The number of people driven from their homes by war and persecution has now surpassed the UK’s population to equal the 21st largest country in the world.
More than 65.3 million people are currently refugees or are displaced in their own countries according to the United Nations – the highest figure since records began before the Second World War.
Humanitarian organisations warn that those forced to flee face an uncertain future with difficulties in education, employment, health and security.
A report by Save the Children found that if the world’s displaced people formed a country, it would have the fastest-growing population and one of the youngest, with half of refugees under 18.
But it would be among the worst nations for access to education, seeing children killed by preventable illnesses including pneumonia and malaria, as well as alarming rates of child marriage.
A refugee nation, which would have a population ranking 21st globally between Thailand and the UK, would have the 54th largest economy in the world if its citizens could gain employment equalling their skills, the charity found.
“Imagining all displaced people as citizens of one country recognises their value as equal members of a global society and draws attention to the massive scale of the issues they face,” said Tanya Steele, interim CEO of Save the Children.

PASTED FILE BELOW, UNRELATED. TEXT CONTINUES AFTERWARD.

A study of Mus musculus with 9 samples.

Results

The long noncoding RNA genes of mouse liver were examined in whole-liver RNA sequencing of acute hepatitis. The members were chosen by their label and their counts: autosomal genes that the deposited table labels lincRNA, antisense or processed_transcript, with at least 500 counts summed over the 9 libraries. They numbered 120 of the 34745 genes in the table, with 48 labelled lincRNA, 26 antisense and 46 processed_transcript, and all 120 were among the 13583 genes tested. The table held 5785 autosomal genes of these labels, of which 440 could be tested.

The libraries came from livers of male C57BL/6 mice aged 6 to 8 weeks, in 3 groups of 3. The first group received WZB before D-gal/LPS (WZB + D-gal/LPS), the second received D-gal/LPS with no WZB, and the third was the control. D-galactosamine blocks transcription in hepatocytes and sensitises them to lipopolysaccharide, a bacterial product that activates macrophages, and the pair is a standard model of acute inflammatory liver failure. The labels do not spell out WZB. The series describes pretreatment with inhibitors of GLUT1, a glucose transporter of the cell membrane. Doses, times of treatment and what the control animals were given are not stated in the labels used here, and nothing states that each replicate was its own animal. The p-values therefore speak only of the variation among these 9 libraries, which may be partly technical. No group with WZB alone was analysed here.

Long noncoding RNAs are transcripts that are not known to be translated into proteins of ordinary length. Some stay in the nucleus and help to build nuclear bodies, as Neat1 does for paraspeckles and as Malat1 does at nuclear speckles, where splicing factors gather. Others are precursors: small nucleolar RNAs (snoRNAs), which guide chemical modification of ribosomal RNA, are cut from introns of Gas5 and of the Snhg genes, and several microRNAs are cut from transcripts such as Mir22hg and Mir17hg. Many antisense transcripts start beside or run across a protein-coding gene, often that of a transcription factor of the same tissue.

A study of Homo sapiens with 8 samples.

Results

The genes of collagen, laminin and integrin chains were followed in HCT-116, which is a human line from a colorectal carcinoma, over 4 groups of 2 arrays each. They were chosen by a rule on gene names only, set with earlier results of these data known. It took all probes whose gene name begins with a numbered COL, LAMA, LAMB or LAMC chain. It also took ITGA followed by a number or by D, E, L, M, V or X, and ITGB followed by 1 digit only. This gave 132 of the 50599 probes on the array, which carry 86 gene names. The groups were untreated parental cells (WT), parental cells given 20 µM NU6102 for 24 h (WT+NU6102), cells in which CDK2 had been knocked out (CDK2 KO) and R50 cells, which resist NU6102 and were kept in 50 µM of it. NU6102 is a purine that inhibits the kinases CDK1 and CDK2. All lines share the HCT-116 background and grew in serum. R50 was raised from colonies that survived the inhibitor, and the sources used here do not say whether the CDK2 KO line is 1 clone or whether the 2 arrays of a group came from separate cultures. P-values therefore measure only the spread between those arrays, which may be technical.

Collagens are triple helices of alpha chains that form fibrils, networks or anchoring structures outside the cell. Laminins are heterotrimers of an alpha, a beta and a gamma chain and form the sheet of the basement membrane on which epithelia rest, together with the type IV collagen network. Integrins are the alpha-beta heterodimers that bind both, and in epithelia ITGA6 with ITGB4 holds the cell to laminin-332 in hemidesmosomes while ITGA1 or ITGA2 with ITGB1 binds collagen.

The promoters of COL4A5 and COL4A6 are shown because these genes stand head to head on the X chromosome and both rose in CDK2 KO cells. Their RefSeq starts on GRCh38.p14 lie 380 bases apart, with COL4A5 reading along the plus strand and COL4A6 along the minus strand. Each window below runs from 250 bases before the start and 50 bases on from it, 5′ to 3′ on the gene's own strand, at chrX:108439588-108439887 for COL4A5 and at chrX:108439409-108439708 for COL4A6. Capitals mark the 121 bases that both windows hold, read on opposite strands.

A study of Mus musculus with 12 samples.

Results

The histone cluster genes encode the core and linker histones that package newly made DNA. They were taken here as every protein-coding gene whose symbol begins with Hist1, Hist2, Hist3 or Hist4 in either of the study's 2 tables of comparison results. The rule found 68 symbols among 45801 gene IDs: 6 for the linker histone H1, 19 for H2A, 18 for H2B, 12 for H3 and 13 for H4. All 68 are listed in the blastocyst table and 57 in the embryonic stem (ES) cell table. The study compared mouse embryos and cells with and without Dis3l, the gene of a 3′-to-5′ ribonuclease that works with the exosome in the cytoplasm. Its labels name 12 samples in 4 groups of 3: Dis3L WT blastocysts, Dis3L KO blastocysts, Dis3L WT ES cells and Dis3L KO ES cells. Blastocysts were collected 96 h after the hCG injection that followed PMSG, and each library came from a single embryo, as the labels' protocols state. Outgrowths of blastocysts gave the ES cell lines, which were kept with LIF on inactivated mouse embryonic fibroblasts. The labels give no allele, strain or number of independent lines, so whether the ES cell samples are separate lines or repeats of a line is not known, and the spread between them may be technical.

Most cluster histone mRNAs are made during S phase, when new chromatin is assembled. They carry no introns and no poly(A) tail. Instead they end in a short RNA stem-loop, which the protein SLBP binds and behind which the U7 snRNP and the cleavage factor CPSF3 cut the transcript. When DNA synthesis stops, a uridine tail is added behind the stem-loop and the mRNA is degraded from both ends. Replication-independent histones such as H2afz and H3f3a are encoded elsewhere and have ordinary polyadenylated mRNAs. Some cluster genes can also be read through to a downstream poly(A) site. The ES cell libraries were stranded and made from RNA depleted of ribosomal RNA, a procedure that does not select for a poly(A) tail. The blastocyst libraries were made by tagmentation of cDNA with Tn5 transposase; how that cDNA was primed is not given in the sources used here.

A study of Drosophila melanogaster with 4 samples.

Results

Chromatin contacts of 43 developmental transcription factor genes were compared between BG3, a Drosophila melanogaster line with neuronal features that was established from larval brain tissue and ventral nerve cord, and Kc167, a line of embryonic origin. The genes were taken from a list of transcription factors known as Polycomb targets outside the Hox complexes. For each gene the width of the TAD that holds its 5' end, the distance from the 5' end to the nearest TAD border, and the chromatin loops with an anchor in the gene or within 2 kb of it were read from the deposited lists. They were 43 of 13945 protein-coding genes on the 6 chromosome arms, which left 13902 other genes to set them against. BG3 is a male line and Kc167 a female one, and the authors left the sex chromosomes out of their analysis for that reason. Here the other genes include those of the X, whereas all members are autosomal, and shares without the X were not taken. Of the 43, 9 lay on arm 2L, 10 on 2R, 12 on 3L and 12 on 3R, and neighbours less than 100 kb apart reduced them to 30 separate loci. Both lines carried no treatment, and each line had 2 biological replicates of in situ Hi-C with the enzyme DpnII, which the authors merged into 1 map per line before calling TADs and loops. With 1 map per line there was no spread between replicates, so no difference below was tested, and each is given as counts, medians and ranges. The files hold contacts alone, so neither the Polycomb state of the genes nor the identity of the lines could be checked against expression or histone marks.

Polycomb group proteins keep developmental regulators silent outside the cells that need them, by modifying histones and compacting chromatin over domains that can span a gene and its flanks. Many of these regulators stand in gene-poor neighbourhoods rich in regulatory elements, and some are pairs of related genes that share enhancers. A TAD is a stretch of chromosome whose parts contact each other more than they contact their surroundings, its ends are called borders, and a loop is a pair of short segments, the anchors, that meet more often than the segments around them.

“The number of families forced to flee their homes in search of safety continues to reach record highs – it’s time to move out of emergency mode and engage in serious discussions about how to help displaced families integrate and begin to rebuild their futures.”
The research was released on Wednesday as world leaders prepared to gather for the United Nations General Assembly in New York.
A UN Summit on Refugees and Migrants on Monday will be followed by a separate summit on the issue hosted by Barack Obama the following day.
Theresa May has been urged to rethink Britain’s stance by 200 religious leaders, while a Parliamentary report found the Government has a “particular responsibility” to resettle refugees because of the UK’s intervention in Libya.
It comes amid a fragile ceasefire between the regime and opposition in Syria, while battles rage against Isis in Iraq and conflicts continue in Afghanistan, Yemen, Nigeria, Somalia, South Sudan and many other countries.
According to official figures compiled by the UN Refugee Agency (UNHCR), refugees and internally displaced people account for one in every 113 people on Earth.
A total 65.3 million people were displaced at the end of 2015, compared to 59.5 million the year before – and the record figure is expected to grow.
The total includes refugees, asylum seekers and people forced to flee their homes to other parts of their own country.
The primary cause is a rising number of wars and insurgencies, the UNHCR said, while long-term solutions are not being found, leaving millions “in limbo”.
While international attention has focused on the crisis in Europe, the vast majority of the world’s refugees live in low and middle income countries, with most coming from Syria (4.9 million), Afghanistan (2.7 million) and Somalia (1.1 million).
More than 3,200 migrants have died so far this year in sea crossings attempting to reach safety in Italy and Greece, despite attempts to shut smuggling routes over the Aegean Sea with the EU-Turkey deal.
The highest number of internally displaced people live in Colombia (6.9 million), Syria (6.6 million) and Iraq (4.4 million).